How many of you currently feel like you have the weight of the world on your shoulders? The economy isn’t what it used to be and times are tough! If that’s the case, then let’s make sure that the weight of the world falls upon a strong shoulder girdle.

Your shoulders are responsible for all manner of things from filling out your suits and T-shirts to allowing you to ferociously spike a volleyball every Sunday at East Beach. Having strength in your upper body translates to better sports performances, and more ease with day-to-day movements such as picking up your children and moving bags of groceries.

The shoulder is made up of a number of different muscles each with their own job and responsibility. As this is isn’t an anatomy class, let’s keep it simple and go through a basic routine that will increase the strength of your entire shoulder area, upper chest and supporting musculature. Let’s continue to operate under the assumption that not everyone has a ton of time, nor their own equipment, and try out a workout that can be done at home, in your office in between meetings or anywhere else to which you can disappear for five or 10 minutes.

Before moving on to the actual workout, let’s talk about one of the movements, something that most people haven’t given much thought to since graduating from elementary school physical education — the handstand. Yep, that’s right, your kids are probably much better at this movement than you are and far less terrified. Worry not; we’ll get you back up there. Truth be told, the handstand is great not only for muscular development, but for midline stabilization as well as balance. Plus, it’s a cool trick to show your friends next time you’ve had a few cocktails.

Most people will need to use a wall when doing handstands, after —how shall I say it> — a long hiatus from doing them. If you’d like a mat under your head, feel free to put one down. Place your hands shoulder width about 6 inches from the edge of the wall and spread your fingers as wide as they’ll go to create as much surface area as possible for balance. With your arms locked and your shoulders engaged (pretend as if you are trying to actively push the floor away from your head the whole time), push off of one foot once, twice and then on the third push carry your hips into the wall, ending up with your legs pressed together, toes pointed toward the ceiling and your arms locked. If you have someone around who can spot by grabbing one of your legs on the way up, if need be, even better. If something hits the fan and you need to come down quickly, bring one or both legs down at a time and you’re back in business.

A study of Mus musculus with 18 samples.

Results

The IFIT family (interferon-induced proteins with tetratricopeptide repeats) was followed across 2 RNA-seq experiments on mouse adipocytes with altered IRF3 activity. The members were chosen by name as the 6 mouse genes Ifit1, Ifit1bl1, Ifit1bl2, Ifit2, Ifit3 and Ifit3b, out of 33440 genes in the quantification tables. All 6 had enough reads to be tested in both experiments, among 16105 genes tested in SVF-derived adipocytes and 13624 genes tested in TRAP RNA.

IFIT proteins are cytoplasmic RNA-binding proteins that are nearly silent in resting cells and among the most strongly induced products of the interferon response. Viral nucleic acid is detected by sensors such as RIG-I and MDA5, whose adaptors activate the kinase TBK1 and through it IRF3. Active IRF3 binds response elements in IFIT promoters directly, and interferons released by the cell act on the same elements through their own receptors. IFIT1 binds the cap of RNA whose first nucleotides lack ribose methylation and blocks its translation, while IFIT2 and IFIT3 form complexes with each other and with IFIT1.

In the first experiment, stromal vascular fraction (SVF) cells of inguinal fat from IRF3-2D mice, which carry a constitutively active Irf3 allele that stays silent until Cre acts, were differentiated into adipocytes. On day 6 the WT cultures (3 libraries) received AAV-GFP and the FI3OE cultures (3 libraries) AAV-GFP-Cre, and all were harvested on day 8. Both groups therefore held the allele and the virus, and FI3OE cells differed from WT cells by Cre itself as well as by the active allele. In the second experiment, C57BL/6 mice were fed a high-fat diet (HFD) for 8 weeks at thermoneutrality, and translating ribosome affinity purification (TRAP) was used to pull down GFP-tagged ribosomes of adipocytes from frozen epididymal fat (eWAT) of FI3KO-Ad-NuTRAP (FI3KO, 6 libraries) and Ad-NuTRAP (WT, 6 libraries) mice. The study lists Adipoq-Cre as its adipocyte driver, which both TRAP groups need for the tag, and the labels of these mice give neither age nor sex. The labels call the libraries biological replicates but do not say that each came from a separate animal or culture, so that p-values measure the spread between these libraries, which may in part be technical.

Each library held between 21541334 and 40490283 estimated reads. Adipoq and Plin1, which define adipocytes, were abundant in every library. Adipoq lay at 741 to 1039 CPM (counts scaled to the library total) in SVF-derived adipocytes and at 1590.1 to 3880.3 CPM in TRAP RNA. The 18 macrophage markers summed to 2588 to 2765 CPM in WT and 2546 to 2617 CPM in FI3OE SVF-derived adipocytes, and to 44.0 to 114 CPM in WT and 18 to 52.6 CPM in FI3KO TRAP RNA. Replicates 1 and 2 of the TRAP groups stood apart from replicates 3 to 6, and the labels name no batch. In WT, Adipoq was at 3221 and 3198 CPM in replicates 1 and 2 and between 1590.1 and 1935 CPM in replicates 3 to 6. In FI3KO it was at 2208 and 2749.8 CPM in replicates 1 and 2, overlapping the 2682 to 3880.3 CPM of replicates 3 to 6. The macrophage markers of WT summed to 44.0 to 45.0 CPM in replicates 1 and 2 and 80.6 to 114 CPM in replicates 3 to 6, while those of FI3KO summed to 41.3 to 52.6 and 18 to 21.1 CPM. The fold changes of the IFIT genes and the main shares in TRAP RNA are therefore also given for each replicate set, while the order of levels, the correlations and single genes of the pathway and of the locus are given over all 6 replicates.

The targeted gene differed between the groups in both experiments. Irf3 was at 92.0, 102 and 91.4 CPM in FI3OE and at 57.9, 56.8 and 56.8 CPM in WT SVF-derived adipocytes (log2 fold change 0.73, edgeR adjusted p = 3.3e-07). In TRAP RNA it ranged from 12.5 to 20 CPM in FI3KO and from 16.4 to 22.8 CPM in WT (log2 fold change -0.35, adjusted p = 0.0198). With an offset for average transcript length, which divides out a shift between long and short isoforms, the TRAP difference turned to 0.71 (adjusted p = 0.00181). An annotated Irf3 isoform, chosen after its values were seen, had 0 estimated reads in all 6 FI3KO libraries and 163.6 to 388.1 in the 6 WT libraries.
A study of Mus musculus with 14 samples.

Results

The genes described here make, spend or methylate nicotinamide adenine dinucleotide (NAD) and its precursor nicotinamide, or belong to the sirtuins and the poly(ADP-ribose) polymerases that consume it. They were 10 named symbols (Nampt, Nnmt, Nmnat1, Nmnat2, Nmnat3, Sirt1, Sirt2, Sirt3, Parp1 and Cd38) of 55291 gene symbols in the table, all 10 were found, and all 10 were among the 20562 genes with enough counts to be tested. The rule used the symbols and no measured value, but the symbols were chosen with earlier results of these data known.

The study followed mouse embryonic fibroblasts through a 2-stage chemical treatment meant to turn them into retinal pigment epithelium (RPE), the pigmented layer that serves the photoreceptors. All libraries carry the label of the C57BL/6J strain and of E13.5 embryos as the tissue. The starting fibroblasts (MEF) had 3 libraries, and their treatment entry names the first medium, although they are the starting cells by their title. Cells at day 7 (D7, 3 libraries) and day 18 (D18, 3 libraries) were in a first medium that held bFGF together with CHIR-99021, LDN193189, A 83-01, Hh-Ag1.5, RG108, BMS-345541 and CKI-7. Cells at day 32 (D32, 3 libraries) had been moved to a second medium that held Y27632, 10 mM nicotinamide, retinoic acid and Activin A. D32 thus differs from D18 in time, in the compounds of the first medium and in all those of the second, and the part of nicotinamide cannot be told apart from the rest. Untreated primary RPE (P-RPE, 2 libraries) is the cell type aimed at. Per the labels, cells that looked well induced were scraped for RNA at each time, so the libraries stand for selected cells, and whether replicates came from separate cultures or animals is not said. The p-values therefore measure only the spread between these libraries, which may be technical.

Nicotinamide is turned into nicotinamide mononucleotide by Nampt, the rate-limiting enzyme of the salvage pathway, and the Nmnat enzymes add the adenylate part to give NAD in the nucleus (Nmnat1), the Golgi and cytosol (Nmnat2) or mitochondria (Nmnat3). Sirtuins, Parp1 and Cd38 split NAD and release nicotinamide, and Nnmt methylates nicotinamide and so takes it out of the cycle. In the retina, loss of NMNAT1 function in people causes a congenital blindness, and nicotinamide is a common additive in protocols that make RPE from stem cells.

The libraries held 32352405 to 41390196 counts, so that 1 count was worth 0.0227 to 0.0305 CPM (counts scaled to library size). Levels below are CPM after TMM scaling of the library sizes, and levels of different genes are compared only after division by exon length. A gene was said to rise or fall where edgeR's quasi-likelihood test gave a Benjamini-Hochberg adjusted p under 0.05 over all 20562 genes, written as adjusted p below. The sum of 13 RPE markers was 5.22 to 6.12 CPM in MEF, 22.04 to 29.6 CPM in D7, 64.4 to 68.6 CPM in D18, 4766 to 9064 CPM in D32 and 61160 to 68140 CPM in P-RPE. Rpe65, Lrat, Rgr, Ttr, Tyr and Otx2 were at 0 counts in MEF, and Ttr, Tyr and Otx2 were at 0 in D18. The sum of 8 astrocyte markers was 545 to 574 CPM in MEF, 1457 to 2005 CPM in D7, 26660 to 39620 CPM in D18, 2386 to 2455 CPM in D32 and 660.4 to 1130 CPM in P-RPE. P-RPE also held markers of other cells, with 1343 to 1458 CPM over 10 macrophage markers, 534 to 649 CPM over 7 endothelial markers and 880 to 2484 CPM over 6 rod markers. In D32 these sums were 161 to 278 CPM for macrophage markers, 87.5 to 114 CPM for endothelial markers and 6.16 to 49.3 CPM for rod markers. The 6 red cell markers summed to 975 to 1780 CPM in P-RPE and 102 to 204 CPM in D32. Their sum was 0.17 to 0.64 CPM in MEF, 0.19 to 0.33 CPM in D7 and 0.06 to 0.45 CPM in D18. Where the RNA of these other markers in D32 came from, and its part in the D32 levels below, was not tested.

During workouts we tend to do all of our handstands against a wall as to gain the strength benefit without having balance issues lead to our inversion time being minimal. (Crossfit Pacific Coast’s gym record for a continuous handstand against a wall is 2:25 minutes for men and 2:00 for women if you feel like testing yourself.)

Once you feel comfortable with a handstand done on a wall, try opening up your legs and bringing one hand off the floor for added excitement. If that gets boring, you can always move on to the handstand push-up, which is exactly what it sounds like — a completely inverted push-up — head to the floor and then back up. These are more advanced movements that will definitely get you noticed at your next marketing meeting, but aren’t for beginners.

On to the workouts. Give these a go if you’re short on time but still want to work your upper body a bit.

Four founds for time — four full-depth push-ups (shoulder width), four full-depth push-ups (wide), four full-depth push-ups (diamond) with 30 seconds of accumulated handstand against a wall. Thus each round consists of 12 push-ups and 30 seconds inverted. The entire workout is a mere 48 push-ups and two minutes of handstands. How hard could it be? Feel free to email me your times.

Have at it.

— Traver Boehm is co-owner and coach at Crossfit Pacific Coast, has a master’s degree in Chinese medicine, is a licensed acupuncturist at Alki Wellness, and a nutrition specialist. He can be contacted at traver@crossfitpacificcoast.com.